Cloud computing, a popular new trend in technology, provides an opportunity for organizations to reduce the costs associated with an information technology system. However, a central concern among professionals is the security (or perceived lack of it) in cloud applications.
This may be a misperception, according to two researchers who presented their findings at the Ninth Workshop on the Economics of Information Security (WEIS 2010).
“Standing in the way of the potential saving achievable through cloud-hosting are concerns about security,” the researcher said. However, most of these concerns “are already endemic to existing hosting offerings [or] are already endemic to content distribution networks,” they said.
David Molnar and Stuart Schechter of Microsoft Research presented their findings regarding security in the cloud titled “Self Hosting vs. Cloud Hosting: Account for the security impact of hosting in the cloud.” The security concerns regarding the cloud all have solutions that still make the cloud a more effective environment than self hosting, they said.
In their presentation, Molnar and Schechter outlined several threats posed by cloud hosting. These include threats to the infrastructure, contract threats, legal and juridical threats, threats from other tenants, cost and response capabilities.
“When infrastructure is shared, tenants must be confident that mechanisms are in place to protect tenants from one another,” they said. “Sharing resources may negatively impact availability and, when tenants may be identified by the resources they share, reputation as well.”
However, each of these concerns does have an answer, according to the researchers.
“For leasing-induced threats, it should come as no surprise that countermeasures focus on auditing mechanisms and, where possible, restoration of policy control to tenants,” they said. “For sharing-induced threats, technology issues are more prevalent but policy issues remain pervasive.”
Threats to infrastructure assembly can be addressed by allowing audits of software and hardware via remote attestation, the researchers said. This capability is already imbedded in Trusted Platform Modules (TPMs).
The human infrastructure of a cloud provider can also be audited, with employees undergoing background checks. Also, insider malice or incompetence can be counteracted by limiting administrator access to tenant data or requiring administrative actions to be approved by multiple admins.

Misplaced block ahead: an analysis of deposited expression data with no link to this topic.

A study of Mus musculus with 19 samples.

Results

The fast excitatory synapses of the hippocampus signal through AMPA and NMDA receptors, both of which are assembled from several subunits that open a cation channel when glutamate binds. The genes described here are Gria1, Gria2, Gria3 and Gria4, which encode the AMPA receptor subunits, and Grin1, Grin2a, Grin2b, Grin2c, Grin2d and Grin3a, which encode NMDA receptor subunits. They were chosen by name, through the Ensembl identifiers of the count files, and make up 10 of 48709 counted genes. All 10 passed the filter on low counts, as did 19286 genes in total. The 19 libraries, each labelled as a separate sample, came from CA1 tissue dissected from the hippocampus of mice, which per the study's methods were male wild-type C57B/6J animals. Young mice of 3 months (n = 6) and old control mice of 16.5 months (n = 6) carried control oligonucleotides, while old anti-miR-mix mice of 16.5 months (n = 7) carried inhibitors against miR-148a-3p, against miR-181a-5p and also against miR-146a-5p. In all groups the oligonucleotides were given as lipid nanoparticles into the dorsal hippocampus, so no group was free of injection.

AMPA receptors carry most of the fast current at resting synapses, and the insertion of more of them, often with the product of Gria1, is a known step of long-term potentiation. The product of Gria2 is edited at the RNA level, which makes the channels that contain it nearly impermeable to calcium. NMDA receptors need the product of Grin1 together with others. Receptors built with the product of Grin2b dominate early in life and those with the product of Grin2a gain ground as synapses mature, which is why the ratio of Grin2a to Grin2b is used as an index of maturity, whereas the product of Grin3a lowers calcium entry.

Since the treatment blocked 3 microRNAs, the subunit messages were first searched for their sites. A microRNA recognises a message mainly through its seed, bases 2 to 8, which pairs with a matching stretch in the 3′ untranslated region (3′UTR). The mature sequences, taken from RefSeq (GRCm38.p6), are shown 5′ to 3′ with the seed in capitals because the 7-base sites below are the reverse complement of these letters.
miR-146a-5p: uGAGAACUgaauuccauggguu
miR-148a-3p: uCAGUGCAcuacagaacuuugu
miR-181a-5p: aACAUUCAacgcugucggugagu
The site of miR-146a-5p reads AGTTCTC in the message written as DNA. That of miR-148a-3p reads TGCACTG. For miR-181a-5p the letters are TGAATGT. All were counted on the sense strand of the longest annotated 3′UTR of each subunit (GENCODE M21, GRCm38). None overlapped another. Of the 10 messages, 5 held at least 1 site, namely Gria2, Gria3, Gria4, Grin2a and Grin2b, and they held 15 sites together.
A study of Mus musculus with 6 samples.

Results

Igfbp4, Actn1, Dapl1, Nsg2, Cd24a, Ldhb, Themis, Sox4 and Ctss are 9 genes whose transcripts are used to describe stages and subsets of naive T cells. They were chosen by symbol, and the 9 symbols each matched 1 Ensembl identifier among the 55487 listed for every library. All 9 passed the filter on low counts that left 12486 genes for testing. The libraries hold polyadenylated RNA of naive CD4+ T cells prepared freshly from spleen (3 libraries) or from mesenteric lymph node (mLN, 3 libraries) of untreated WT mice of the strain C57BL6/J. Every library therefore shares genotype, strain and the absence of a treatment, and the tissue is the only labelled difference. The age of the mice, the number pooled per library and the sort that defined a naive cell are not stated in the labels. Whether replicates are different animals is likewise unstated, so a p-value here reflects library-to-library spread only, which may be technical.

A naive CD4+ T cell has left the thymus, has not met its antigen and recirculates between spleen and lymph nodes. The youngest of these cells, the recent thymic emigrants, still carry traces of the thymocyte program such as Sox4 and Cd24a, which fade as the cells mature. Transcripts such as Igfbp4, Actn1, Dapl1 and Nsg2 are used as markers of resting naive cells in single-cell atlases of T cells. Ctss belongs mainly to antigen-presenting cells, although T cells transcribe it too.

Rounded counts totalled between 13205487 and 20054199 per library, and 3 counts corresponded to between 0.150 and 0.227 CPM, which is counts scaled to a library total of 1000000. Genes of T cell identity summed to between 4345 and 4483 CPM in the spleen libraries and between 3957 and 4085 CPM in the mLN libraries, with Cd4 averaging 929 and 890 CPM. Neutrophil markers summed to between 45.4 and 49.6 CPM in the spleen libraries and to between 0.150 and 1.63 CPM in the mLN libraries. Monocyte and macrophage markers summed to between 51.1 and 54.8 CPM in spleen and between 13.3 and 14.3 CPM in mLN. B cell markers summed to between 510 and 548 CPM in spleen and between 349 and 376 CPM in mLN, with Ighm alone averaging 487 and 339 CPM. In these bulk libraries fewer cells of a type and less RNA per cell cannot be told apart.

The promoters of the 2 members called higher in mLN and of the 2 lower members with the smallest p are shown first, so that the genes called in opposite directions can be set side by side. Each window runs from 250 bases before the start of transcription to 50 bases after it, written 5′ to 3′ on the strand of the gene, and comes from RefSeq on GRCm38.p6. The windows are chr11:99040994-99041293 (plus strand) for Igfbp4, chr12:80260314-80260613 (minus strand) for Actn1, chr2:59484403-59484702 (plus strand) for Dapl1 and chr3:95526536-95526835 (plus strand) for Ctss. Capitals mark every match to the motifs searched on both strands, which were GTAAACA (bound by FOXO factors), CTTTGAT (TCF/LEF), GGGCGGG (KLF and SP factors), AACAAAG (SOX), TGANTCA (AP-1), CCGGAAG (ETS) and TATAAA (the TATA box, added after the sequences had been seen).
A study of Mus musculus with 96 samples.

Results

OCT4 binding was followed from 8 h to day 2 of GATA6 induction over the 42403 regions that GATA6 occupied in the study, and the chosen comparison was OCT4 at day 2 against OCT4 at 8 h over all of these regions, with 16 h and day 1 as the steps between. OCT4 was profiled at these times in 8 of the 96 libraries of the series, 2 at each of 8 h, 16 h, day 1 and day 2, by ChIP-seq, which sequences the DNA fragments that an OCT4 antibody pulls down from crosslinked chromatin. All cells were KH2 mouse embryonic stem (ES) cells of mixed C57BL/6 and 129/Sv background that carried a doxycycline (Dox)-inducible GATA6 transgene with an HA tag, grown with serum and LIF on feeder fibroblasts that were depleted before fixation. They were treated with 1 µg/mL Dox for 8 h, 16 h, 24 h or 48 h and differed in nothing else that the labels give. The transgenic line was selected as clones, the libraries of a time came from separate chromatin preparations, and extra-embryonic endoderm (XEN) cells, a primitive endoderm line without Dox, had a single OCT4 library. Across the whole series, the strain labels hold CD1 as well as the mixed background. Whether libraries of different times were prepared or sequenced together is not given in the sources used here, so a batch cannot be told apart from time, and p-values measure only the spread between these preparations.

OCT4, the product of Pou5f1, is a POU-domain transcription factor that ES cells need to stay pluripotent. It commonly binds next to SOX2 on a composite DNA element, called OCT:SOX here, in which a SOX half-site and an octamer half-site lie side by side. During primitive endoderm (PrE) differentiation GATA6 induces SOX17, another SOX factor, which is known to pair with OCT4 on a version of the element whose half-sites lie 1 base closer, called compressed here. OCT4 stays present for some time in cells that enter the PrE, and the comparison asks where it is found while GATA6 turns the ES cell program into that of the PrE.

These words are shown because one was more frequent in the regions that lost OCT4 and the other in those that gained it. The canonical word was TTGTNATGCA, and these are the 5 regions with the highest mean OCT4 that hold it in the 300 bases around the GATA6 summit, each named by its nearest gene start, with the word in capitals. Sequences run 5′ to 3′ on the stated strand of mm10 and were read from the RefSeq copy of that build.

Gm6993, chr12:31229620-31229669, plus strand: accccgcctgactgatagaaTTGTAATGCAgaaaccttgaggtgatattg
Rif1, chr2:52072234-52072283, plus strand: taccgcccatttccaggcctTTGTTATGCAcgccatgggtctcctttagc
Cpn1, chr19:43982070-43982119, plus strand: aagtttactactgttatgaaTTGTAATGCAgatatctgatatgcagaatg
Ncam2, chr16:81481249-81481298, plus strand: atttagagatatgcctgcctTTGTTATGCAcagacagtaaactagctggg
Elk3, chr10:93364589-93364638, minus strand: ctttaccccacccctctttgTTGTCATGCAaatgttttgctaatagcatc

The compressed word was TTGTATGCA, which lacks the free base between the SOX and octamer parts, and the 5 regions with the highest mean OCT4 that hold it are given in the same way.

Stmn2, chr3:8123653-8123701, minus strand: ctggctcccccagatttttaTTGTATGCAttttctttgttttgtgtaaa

Threats of cost overruns can be addressed in several ways as well, according to the researchers.
“One way to address cost-overrun attacks is to allow tenants to set quotas to bound the rate at which an application or tenant can consume billable resources,” they said. “Another redress to tenants’ concerns of cost-overrun attacks is for cloud-providers to absorb the bulk of the resource costs incurred by attacks.”
Another concern of organizations moving to the cloud is how bankruptcy at the cloud provider would impact the organizations data. Cloud providers can address this concern by structuring tenant agreements differently or providing insurance contracts, the researchers said.
Cloud providers can also help to keep systems online in the event of malicious actions by one tenant by having a record of cooperation with law enforcement.
“A record of compliance with search warrants, providing law enforcement access to audit logs and data snapshots which can be obtained without disrupting tenants, will reduce the likelihood that law enforcement will attempt to take infrastructure offline,” the researchers said.
There are also security benefits of moving to the cloud, which are often overlooked during cloud security debates, according to the researchers.
“Staff in cloud hosting providers can become more specialized than their counterparts administering self-hosted infrastructure, allowing them to develop expertise that increases productivity while receiving lower per-employee training,” they said.
Cloud providers can also leverage the wide base of tenants and the relationships established with law enforcement to enhance security. Perhaps most importantly, many of the security services currently provided by managed solutions will eventually be provided by cloud providers, according to the researchers.
“Economics will likely drive cloud-infrastructure operators to provide many of the solutions offered by managed security solutions today,” they said.
In the end, cloud-hosting services are just as viable as self-hosting services and actually are able to take advantage of the economies of scale available to cloud providers.
“Achieving the benefits of cloud infrastructure by transferring infrastructure control to a third party needn’t necessarily result in a net loss of security,” the researchers said. “Security may also benefit from scale economies. Cloud providers can afford security measures with up-front costs that would be unaffordable in self-hosting environments.”